American vs British English: Spellings
English, as we all know, is one of the most widely spoken languages on the planet. However, there are many different dialects of English, each of which have different spellings, vocabulary, and grammar.
Among the dialects of English are:
New Zealand English
But the two most prominent and most widely used forms of English are British English and American English, and it is important that you know their differences.
If you’re from Britain it is expected of you to write with British English spellings and if you’re from America, it is expected of you to write with American English spellings.
That’s pretty obvious and very straightforward, right?
It will not look professional to agents if your writing is not true to your nationality, unless you have a very good reason for doing so.
The difficult part is being 100% sure you’ve not been influenced by another dialect of English!
So: What are the main spelling differences between the two most commonly used dialects of English?
Many of the changes in the two languages occurred during the 19th century when people like Mark Twain and Noah Webster pushed for changes to the languages to make spelling easier. As a result, many of the American words got shorter.
‘Oe’ and ‘Ae’ (British English) turns to ‘E’ (American English):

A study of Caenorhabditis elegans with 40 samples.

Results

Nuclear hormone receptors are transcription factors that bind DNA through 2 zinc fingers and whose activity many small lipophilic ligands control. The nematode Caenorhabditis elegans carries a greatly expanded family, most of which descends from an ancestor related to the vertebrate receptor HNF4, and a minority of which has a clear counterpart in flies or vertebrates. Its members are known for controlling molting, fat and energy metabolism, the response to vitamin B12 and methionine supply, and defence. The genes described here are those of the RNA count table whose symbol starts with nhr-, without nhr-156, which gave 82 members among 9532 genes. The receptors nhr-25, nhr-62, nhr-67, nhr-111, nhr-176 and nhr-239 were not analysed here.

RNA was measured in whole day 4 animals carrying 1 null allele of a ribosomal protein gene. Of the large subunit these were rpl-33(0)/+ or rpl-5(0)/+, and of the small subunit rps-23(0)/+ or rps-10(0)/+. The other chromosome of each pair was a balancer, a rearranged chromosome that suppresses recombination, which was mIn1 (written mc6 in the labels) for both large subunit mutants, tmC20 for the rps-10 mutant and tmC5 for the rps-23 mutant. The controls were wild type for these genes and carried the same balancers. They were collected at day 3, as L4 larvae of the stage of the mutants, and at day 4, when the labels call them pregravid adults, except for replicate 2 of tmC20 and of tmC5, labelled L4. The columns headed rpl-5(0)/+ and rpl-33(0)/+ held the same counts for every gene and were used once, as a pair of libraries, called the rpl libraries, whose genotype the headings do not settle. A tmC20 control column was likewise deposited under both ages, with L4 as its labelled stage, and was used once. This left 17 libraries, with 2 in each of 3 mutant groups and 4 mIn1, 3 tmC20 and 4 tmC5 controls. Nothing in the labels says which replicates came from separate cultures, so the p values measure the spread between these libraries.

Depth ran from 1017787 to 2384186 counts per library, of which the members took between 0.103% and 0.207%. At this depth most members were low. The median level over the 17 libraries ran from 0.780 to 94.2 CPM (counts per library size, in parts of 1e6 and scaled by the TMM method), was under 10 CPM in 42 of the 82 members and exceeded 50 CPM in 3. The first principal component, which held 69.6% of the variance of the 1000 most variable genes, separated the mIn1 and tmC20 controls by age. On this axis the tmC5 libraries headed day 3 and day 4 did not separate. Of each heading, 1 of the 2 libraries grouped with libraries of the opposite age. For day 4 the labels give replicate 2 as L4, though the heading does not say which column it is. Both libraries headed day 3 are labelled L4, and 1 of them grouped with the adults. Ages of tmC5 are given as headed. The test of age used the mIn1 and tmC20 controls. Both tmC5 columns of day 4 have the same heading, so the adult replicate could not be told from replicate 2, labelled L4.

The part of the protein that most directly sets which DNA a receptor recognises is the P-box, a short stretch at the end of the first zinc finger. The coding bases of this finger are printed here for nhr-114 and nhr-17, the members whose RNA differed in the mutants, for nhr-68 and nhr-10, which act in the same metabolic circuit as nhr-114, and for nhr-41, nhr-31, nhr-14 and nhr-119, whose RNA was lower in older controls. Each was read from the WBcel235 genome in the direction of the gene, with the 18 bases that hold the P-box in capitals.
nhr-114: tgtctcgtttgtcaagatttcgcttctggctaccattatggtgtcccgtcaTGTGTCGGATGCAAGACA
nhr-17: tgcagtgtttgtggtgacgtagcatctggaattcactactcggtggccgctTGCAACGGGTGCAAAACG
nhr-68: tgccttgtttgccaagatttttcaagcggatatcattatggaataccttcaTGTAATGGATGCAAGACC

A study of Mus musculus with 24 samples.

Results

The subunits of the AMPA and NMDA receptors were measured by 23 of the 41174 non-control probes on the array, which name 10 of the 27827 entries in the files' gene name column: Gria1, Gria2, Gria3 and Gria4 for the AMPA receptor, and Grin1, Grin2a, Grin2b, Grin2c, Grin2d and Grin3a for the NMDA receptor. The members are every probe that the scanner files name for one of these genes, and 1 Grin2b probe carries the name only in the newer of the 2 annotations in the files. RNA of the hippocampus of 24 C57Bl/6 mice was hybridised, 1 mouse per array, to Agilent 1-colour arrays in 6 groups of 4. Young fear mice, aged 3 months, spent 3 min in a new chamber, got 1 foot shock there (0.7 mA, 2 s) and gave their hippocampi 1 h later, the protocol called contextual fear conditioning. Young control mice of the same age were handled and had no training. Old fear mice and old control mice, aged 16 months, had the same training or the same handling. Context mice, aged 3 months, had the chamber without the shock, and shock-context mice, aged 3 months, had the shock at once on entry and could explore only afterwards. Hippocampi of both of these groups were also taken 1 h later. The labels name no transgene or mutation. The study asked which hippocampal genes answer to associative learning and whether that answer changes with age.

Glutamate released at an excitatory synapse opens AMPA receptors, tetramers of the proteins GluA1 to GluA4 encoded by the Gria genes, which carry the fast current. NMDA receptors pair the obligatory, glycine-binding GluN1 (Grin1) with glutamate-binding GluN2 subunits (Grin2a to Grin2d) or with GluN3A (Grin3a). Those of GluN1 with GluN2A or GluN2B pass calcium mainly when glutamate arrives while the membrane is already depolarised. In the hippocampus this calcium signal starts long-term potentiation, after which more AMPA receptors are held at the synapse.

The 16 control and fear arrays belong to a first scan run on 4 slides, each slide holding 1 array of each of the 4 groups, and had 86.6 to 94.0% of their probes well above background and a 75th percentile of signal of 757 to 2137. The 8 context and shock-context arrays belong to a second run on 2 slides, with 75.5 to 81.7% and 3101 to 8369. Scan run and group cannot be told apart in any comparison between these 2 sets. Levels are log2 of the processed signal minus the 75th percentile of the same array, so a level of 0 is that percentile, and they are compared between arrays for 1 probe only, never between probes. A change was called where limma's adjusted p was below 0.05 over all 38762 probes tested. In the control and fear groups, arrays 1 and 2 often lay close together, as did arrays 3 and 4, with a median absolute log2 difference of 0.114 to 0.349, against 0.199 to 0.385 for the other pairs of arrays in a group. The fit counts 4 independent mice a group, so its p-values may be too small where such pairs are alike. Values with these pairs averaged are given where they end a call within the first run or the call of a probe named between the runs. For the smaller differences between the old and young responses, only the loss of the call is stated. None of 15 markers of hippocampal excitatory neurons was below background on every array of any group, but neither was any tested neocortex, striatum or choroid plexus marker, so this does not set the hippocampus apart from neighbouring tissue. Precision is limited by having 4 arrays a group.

Oestrogen = Etrogen
Encyclopaedia = Encyclopedia
‘Ph’ (British English) turns to ‘F’ (American English):
Sulphur and Sulphate = Sulfur and Sulfate
One ‘L’ is enough
Travelled (British English) = Traveled (American English)
Travelling = Traveling
The ‘u’ is dropped:
One of the major irregularities of British spellings are the letters ‘re’ at the end of a word, which the British pronounce ‘er’. In America, they swapped the letters round to fit the sound they make.
In a similar way, the Americans change ‘ence’ to ‘ense’
However, be careful with the word ‘license’! The Americans always spell it ‘license’, while the British use both spellings for two meanings:
if you pass your driving test, you are awarded a driving licence (noun)
When you have a drive a driving licence, you are licensed (verb)
Oh, the joys of the English language!
There is a common misconception that words ending in ‘ise’, as used by the British, are rewritten ending in ‘ize’ by the Americans. This is not wholly true because the British can use either spelling, ‘ise’ or ‘ize’, though they must make sure to remain consistent throughout a document!
These rules don’t 100% apply all of the time because English likes to play with our heads a lot! So, if you’re ever in doubt, consult a dictionary! You can google it, but you’ll frequently come across debated spellings which will likely only confuse you more!